London: Britain's Supreme Court is expected to rule on Wednesday on whether to approve the extradition of WikiLeaks chief Julian Assange to Sweden, a potential turning point in the Internet activist's controversial career.
Assange, 40, has spent the better part of two years fighting attempts to send him to the Scandinavian nation, where he is accused of sex crimes. At least one extradition expert said that his long-running legal campaign may finally yield a victory for the Australian programmer.
"When he first started out, I thought, 'He hasn't gotten much of a chance,' but now I'm much more hopeful." said Karen Todner, whose company, Kaim Todner Solicitors, has fought many high-profile extradition battles. "I would say that in the last few months there has definitely been a swing in favor of defendants in relation to extradition."
Assange is best known for revealing hundreds of thousands of secret US documents, including a hard-to-watch video that captured US forces gunning down a crowd of Iraqi civilians and journalists that they'd mistaken for insurgents. His release of a quarter-million classified State Department cables outraged Washington and destabilized American diplomacy worldwide.
But his secret-spilling work came under a cloud after two Swedish women accused him of molestation and rape following a visit to the country in mid-2010. Assange denies wrongdoing, saying the sex was consensual, but has refused to go to Sweden, saying he doesn't believe he'll get a fair trial there.
Assange's appeal before the Supreme Court has little to do either with WikiLeaks or with the Swedish sex case itself. His lawyers are seeking to quash his warrant on the ground that it was improperly issued by a prosecutor, not a judge. The Swedish government argues that's the way the system works in Sweden, as in many other European countries.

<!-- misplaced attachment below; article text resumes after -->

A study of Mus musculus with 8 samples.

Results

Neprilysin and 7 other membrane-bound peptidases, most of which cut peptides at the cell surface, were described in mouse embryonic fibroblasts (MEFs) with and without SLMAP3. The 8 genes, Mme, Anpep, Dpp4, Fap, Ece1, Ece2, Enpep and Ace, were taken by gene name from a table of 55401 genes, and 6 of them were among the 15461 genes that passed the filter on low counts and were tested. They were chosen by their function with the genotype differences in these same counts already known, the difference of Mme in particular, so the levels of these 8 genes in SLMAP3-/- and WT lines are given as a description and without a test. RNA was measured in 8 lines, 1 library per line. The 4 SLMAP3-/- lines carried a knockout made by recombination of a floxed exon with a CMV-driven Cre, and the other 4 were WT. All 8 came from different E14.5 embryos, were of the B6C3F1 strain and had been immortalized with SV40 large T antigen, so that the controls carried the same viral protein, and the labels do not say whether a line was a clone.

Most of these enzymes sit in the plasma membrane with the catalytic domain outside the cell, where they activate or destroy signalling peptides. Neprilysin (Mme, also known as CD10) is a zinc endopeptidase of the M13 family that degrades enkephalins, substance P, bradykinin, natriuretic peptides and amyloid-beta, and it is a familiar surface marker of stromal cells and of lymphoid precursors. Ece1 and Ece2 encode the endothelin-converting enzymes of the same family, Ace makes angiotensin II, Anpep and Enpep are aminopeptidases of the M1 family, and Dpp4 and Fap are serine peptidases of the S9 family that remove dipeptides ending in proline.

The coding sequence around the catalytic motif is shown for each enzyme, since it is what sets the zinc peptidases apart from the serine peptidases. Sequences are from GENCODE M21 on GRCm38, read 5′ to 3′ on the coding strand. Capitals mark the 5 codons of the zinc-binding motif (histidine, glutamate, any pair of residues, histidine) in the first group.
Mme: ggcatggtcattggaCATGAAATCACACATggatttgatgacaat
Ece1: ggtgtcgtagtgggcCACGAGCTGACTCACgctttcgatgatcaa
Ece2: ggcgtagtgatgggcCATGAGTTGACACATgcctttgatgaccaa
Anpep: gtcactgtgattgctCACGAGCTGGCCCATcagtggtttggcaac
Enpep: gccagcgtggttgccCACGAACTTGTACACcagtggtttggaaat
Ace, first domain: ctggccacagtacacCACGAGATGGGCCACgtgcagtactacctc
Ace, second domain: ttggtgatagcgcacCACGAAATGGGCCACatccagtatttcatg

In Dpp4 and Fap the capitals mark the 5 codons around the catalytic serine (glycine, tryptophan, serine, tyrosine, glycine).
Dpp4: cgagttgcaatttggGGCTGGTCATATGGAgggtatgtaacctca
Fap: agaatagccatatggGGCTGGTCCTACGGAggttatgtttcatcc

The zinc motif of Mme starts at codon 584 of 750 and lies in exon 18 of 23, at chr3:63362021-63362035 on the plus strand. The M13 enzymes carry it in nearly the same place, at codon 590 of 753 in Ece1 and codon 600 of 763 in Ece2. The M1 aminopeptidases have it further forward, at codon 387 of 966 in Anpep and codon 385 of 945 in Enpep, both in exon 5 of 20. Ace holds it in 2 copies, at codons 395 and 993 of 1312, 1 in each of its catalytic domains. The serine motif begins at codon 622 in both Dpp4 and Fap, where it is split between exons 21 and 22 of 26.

In Stockholm, former senior prosecutor Sven-Erik Alhem expressed frustration with the delays, saying that European arrest warrants "should work efficiently and rapidly" and that he was surprised that the legal wrangling in Britain had dragged on for a year and a half.
"If I were in his shoes, I would have been going to Sweden at once to get rid of this horrible situation where an investigation has been going on for so long," Alhem said.
It may go on even longer. If he loses Wednesday's ruling, Assange could conceivably appeal to the European Court of Human Rights, which in the past has delayed high-profile extraditions.
And Todner said that, even if Assange wins, Sweden could simply choose to reissue the warrant through a judge.